Infrastructure Week 2018 is upon us, and across New Jersey and the country organizations large and small are bringing attention to the need for infrastructure investment. The health and reliability of our infrastructure is critical to all aspects of our daily lives: from keeping the lights on, to delivering drinking water to our homes, and even having a reliable cell phone network. Our economy depends on it. Our quality of life depends on it. It is not hyperbole to say that our nation’s future depends on it.

Some of our infrastructure is old. Outdated. Failing. Here in New Jersey we have pipes that deliver water into our homes that have been in the ground since the Civil War. And those pipes leak: an estimated 130 million gallons of treated water every day.

Every. Day.

We know that investing resources to upgrade and modernize all of our infrastructure, including our water infrastructure, is important. But there are some parts of our infrastructure that present especially daunting challenges. A relic of a different time, combined-sewer systems are still in operation in 21 urban communities in New Jersey.

What’s a combined sewer system? It is a system where both wastewater (from sinks, toilets, showers, etc.) and stormwater (think rain going into storm drains in the curb) enter the same pipe. By itself that doesn’t sound too bad, but these systems were designed so that in the event of a heavy rainfall, when the sewage treatment plant gets overwhelmed by the additional volume, diluted sewage overflows into our rivers and streams. And sometimes the pipes back up, resulting in flooding in the streets and basements of the communities served by these systems.

So when it rains it floods, and that flood water may contain raw sewage. The puddles the kids are stomping in? The water in your laundry room? The water you got splashed with from the car driving by? If you are in a community with a combined sewer system, it’s possible that’s not just water.

There is a government requirement to fix this. Each of these municipalities must adopt, or be covered by, a plan to reduce or eliminate combined sewer overflows (CSOs) from these systems by 2020. Called Long Term Control Plans, these documents will be detailed road maps for upgrading the sewer and stormwater infrastructure to ensure that combined-sewer systems stop discharging raw sewage into our rivers and flooding our cities. The plans will specify the kinds of infrastructure improvements that will be made over the next couple of decades, that residents and businesses will pay for. They can include a balance of traditional “gray infrastructure” like new underground pipe systems and “green infrastructure” like street trees, green roofs and planted strips that capture rainwater where it falls, before it goes down the storm drain.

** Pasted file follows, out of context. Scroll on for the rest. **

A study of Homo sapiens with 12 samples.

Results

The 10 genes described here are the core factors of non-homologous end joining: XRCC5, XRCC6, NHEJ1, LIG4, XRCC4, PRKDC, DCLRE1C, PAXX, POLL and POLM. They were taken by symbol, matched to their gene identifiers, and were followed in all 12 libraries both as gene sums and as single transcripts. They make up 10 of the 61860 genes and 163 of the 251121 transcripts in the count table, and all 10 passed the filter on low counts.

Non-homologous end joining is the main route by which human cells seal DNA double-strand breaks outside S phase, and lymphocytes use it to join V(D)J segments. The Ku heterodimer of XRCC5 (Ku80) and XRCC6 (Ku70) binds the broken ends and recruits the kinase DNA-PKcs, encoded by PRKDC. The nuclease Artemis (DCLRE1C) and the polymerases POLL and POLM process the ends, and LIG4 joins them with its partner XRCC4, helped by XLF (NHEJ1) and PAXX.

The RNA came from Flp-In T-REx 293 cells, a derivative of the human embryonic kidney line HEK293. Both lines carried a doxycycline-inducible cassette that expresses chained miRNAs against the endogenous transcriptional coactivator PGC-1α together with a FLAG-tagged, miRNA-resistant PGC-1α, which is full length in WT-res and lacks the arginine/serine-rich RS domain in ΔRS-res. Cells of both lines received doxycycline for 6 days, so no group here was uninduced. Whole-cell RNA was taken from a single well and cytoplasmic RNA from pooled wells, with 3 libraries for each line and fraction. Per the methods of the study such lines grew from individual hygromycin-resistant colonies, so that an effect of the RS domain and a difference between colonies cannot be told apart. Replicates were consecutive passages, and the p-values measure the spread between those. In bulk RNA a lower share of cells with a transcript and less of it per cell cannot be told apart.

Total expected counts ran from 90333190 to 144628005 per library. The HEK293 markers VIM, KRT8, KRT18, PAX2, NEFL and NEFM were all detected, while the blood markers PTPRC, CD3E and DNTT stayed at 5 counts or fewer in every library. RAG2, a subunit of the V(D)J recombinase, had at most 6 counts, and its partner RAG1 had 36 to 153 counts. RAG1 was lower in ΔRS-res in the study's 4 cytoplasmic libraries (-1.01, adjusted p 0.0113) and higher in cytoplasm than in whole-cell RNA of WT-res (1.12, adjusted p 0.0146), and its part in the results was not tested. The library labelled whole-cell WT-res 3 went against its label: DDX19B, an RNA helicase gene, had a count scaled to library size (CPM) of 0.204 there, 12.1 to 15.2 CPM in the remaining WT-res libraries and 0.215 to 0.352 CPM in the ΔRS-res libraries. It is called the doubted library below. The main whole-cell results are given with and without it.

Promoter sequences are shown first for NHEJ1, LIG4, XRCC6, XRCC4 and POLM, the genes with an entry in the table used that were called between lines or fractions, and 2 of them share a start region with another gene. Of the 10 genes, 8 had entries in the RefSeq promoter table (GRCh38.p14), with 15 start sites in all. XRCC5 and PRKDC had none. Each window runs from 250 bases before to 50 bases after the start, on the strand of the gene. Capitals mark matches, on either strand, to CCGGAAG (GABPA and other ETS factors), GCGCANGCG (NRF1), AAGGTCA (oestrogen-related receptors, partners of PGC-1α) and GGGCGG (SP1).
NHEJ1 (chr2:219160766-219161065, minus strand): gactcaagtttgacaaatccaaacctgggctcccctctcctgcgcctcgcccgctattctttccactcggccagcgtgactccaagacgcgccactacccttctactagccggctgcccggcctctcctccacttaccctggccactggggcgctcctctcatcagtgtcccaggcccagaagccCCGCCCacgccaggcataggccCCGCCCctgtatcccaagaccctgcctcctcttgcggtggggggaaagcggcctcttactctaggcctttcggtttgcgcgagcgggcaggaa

Who decides how and what to upgrade? While much of the focus on these plans deals with the technical aspects of engineering better systems, there is also a requirement for public participation in the development of the plans. This raises a question: Who should make the decisions?

This question is a universal one that we should be asking during Infrastructure Week: How do we design infrastructure to make sure that it is meeting the needs of the entire community, not just the bare minimum of making sure that the utilities function? Our CSO communities have a basic health and safety need to not have their rivers and streets inundated by fouled water. More than that though, they might want the investments to include parks that both manage stormwater and provide a place to play. Or they may want more public outreach on the tradeoffs between different approaches in terms of costs and community benefits. Or they might want a say in where infrastructure is built or what neighborhoods and commercial districts get upgraded first. Not only will the investments be made in their communities, but residents and small businesses will be paying for these improvements for decades,and the infrastructure upgrades should meet their needs. Engaging stakeholders in infrastructure decisions is not a “pie in the sky” goal; it is actionable and achievable. As we talk about how and when we improve our infrastructure, let’s make sure that we are looking at how the whole community is affected.

Happy Infrastructure Week 2018!

Moriah Kinberg is community outreach coordinator for New Jersey Future, a nonpartisan nonprofit organization that promotes policies for sustainable growth and development in New Jersey.